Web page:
Borderline Hypertension – Can Exercise Help Me?

I’m 54, somewhat overweight and was recently told by my doctor that I am borderline hypertensive – something many African American men and women apparently suffer from. I’ve read that exercise can help me with my blood pressure problem. I’ve never exercised in my life! How do I get started?

First I am going to say that you need to clear ANY increase in physical activity with your doctor. He or she should advise you on the types and duration of any beginning exercise program due to the fact that hypertension can increase one’s risk for heart failure.

As a matter of fact, a study I read concluded that African American women who are overweight and have high blood pressure are at greater risk than any other group for developing heart failure. The study, published in the Journal of the American College of Cardiology, shows that while hypertension was the main cause of heart failure for 40% of African Americans, it was the cause of heart failure in just 7% of non-African Americans. So please take heed to my advice to discuss this situation with your physician.

Our blood pressure does tend to increase as we age, and is affected by such things as diet and weight. But unlike other potentially deadly diseases, hypertension, often called the “silent killer,” in the press, frequently has few outward symptoms.

However, research conclusively proves that physically active men and women have lower average blood pressures and are diagnosed less frequently with hypertension than their sedentary counterparts. In other words, to prevent or control your blood pressure, get up off the couch and get moving!

Medications can lower the heart rate even during exercise, and thus those suffering from hypertension should avoid heavy resistance over a long period of time, isometric exercises which might require you to hold your breath, and highly competitive situations involving vigorous exercise (which has a tendency to INCREASE blood pressure).. Therefore, we don’t usually incorporate weight training in a program with our hypertensive patients. Those with hypertension are prone to sudden drops in blood pressure following exercise. This can cause fainting, so gradual cool downs are very important.

And be sure to use a home BP monitor to check your pressure both before and after exercise. It’s probably a good idea to check it DURING your early exercise programs as well so you can stop exercising if it climbs too high.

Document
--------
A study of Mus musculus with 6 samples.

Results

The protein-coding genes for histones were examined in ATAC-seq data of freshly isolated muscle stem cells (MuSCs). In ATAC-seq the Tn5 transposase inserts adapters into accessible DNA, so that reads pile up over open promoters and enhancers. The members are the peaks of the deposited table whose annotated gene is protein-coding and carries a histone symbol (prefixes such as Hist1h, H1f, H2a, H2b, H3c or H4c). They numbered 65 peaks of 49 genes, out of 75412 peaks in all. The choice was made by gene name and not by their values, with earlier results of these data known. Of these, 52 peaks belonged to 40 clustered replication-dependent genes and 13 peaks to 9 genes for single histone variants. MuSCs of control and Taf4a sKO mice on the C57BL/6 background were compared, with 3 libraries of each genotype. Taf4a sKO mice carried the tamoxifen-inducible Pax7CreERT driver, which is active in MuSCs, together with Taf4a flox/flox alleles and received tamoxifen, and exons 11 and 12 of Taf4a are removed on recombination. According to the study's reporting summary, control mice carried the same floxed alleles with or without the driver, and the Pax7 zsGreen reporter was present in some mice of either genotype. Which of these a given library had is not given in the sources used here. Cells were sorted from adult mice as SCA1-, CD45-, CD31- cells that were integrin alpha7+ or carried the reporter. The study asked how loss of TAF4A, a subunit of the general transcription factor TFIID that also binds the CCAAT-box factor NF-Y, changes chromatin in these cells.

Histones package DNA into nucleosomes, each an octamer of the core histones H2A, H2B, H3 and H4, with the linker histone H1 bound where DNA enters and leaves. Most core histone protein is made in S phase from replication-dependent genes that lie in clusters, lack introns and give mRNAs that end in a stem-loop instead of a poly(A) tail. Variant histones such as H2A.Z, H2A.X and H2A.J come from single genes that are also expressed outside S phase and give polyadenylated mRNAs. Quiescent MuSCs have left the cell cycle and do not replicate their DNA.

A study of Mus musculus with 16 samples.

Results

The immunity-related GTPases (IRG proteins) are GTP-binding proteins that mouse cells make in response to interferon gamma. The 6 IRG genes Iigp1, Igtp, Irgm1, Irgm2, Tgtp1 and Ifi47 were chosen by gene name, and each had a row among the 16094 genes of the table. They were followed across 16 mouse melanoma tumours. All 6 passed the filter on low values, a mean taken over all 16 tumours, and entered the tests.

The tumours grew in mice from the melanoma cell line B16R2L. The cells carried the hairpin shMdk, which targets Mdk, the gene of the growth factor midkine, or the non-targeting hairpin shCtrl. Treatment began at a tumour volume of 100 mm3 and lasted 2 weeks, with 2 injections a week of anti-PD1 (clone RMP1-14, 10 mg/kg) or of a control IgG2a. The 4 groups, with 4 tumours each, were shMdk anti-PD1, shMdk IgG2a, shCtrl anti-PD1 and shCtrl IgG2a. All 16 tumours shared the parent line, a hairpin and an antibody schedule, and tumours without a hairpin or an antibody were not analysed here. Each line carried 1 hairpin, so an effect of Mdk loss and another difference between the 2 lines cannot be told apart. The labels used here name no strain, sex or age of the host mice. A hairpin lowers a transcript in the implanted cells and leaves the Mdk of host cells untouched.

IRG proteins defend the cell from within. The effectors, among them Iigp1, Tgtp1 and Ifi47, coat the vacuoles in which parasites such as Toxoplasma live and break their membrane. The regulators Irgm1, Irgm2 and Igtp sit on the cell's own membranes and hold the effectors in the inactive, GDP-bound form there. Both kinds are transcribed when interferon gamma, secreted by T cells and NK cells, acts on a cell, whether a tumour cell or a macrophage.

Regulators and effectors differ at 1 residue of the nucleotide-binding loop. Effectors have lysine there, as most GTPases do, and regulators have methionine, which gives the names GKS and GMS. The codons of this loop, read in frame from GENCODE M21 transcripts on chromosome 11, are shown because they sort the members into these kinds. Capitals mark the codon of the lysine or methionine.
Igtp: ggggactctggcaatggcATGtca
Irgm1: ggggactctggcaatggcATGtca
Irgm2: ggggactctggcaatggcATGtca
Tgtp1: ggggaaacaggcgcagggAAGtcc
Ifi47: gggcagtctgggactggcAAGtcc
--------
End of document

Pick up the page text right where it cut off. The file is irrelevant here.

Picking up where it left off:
Studies done in exercise labs report that low intensity walking and cycling programs do very well in reducing blood pressure in mildly hypertensive persons. Other mind-body and relaxation exercise programs like yoga, Tai Chi and Qi Gong, dance therapy, water or chair aerobics, and movement therapy have all been reported to improve blood pressure status to varying degrees, independent of medication.

Try The Seated Physioball Woodchop!

How to do the physioball woodchop exercise

Not every woman wants to be skinny, but every woman wants to feel strong, toned and sexy!

The Thick Chicks Home Workout Program is designed to reduce fat stores, tone and reshape the figures of curvy women that want to stay that way. The carefully selected and increasingly more challenging exercise routines take a novice exerciser from being a complete couch potato to a woman doing some pretty impressive moves.

As you move forward through this book, you will drop inches as fluffy fat is reduced and firmed with lean muscle. Jiggly thighs will gain a new tautness; droopy buttocks will lift and become more shapely. Week by week you’ll be thrilled to see back fat and bra bulges disappearing as well.

This exercise is from the Thick Chicks Foundational Fitness routine, the first of six complete body weight, ball and dumbbell exercise routines in the book. The Seated PhysioBall Woodchop establishes a base foundation of core strength, trains balance, and opens up the chest and shoulder girdle while toning the abdominal muscles and the muscles along the sides of the waist.

The Physioball Seated Woodchops with Hands

The obliques are small abdominal muscles along the sides of your waist. When they are weak, you’ll see “love handles” and “muffin tops.”

Sit on ball with your feet wider than shoulder-width apart, holding a dumbbell with both hands. Your arms should be reaching up over your right shoulder. Most of your weight should now be felt on the right side of your body.

Draw in your abdominals and sit upright on the ball. Elongate your spine.

Keeping your chest high and your arms straight, rotate your torso at the ribcage.

Shift your weight onto your left side as you move your hands slowly down to the outside of your left knee, while looking straight ahead. Return to start position and repeat all reps on that side, then switch to other side.

Hold a small dumbbell between your palms for more of a challenge.